There’s a Honeymoon Phase in employment. I started most of my jobs with so much hope and enthusiasm.
Gosh, the boss is a great guy!
Ooooh they do doughnuts on Fridays!
Everybody’s so nice!
We’re doing important work!
But all Honeymoon Phases come to an end.
I wish my boss wouldn’t hang over my shoulder so much.
A different food on Friday’s would be cool.
Some of the girls can be a little catty.
It’s not quite as heroic as they make it all sound.
Our jobs take up so much of our lives, that if they don’t fill the needs in our lives, we quickly start to feel the disenchantment. And unless something changes, our nagging doubts can turn to disappointment, and turn to discouragement, and turn to resentment.
If I have to look at that guy’s face one more day of my life…
Do they really think they can bribe me with those stale damn doughnuts?
Look at that useless, toxic, gossipy section over there… what else do they even do all day?!
I don’t buy their BS; we are not saving the world here! I think humanity would be fine without this place!
And we start to see everything the job is not giving to us, and everything the job is taking from us.
Oh, we matter so much to them, but there’s no benefits?
They expect me to do all this on the same hourly wage I’ve been making for the past three years?
I have no time for my life!
I’m betting almost every business with employees has at least one who’s wallowing in bitterness, and that if you look around at your own place, you’ll spot it in someone.
But I’m hoping that now you know something they don’t:
No job will ever give enough, or be enough by itself.
We have to take what we need, and give it to ourselves.
Just in case this is the first post you’ve read on my blog, I’m not talking about raiding the petty cash drawer, or taking merchandise home to sell yourself, or anything else like that. I’m not talking about being dishonest, or devious, or doing anything you could be fired for.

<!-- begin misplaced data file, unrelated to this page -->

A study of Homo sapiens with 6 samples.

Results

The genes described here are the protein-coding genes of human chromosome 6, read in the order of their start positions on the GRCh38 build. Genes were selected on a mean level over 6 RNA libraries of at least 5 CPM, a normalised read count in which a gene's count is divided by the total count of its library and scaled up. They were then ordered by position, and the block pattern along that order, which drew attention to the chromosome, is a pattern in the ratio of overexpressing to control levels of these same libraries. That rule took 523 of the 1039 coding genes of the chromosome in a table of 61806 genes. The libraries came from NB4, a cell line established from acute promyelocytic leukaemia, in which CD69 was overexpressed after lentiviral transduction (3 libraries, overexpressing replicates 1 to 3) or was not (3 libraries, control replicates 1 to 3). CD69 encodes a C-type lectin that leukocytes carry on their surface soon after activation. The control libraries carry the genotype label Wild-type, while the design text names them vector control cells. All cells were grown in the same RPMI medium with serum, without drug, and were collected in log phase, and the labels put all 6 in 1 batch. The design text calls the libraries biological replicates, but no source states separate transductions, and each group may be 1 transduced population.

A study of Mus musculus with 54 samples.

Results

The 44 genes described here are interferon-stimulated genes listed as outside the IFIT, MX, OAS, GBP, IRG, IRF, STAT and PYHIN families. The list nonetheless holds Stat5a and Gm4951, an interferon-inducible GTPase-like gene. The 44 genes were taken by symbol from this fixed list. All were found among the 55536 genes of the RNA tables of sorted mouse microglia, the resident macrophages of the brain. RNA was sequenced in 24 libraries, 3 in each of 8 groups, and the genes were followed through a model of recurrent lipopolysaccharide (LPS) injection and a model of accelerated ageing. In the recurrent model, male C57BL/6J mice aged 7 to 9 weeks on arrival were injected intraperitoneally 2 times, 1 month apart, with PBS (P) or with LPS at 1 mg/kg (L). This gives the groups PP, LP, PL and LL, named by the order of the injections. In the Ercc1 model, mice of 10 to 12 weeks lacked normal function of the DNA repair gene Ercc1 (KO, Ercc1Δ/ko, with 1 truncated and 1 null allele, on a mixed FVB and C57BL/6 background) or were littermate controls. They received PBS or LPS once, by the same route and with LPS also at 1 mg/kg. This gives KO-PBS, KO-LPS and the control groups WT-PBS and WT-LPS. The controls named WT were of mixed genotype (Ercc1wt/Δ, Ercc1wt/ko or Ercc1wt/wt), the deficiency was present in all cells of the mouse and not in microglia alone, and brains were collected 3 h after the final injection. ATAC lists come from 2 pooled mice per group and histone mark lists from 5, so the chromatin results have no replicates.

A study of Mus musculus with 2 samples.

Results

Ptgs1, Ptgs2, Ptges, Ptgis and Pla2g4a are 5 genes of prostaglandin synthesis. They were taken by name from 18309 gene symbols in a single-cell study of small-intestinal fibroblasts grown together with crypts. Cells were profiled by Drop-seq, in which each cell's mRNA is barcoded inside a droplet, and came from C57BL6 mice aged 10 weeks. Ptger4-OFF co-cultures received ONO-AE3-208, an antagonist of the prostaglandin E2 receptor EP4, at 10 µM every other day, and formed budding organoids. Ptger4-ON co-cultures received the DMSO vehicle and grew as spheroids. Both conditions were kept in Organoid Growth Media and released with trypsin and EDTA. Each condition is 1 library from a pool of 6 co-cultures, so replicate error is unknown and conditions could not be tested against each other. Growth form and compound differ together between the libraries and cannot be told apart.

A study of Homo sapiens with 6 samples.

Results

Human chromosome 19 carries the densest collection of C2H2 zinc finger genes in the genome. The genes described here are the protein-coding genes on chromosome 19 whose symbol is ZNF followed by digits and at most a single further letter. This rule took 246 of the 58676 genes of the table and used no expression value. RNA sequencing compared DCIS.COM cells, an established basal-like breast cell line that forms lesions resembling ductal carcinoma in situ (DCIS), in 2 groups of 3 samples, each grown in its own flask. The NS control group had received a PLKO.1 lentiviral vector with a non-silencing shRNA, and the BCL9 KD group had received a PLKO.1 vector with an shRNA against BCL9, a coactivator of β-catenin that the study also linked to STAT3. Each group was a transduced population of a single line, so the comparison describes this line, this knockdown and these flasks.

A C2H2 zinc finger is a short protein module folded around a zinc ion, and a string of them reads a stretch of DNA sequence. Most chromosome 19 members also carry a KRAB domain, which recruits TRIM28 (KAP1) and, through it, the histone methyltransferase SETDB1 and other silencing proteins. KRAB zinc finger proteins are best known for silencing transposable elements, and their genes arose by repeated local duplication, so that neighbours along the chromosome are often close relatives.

I’m talking about the most important thing to do when you find yourself in a job you don’t like. This is Number 1 no matter how we feel about the place we work, but it becomes even more vital when we’re ready to throw two fingers at the whole thing.
You have to know why you’re there, and why you should care.
I’ve already talked about this, but let’s all get a refresher anyway:
You can use this job to get what you want.
And so far, I’ve gone into the first step: Make a map (a plan) for your job.
This all might sound like such a stretch, I know. But wouldn’t it be nice to take away that feeling of being “stuck” in a job?
I always say, “you don’t have to stay”, but there might be a reason why sticking around is in your best interest for a while. And instead of it feeling like a prison sentence, it can become your strategy. It can become part of your grand plan, and you’ll know exactly what you’re going to do with it, and where it’s taking you.
Use your job!
It doesn’t matter whether it’s making you rich or paying you minimum wage. It doesn’t matter if it’s applicable to your degree, or skills, or interests, or the work you’d rather be doing. It doesn’t matter whether upper management rains rewards and appreciation, or whether being taken for granted is part of your job description.
You can use it.
You can use it to get what you want for your life.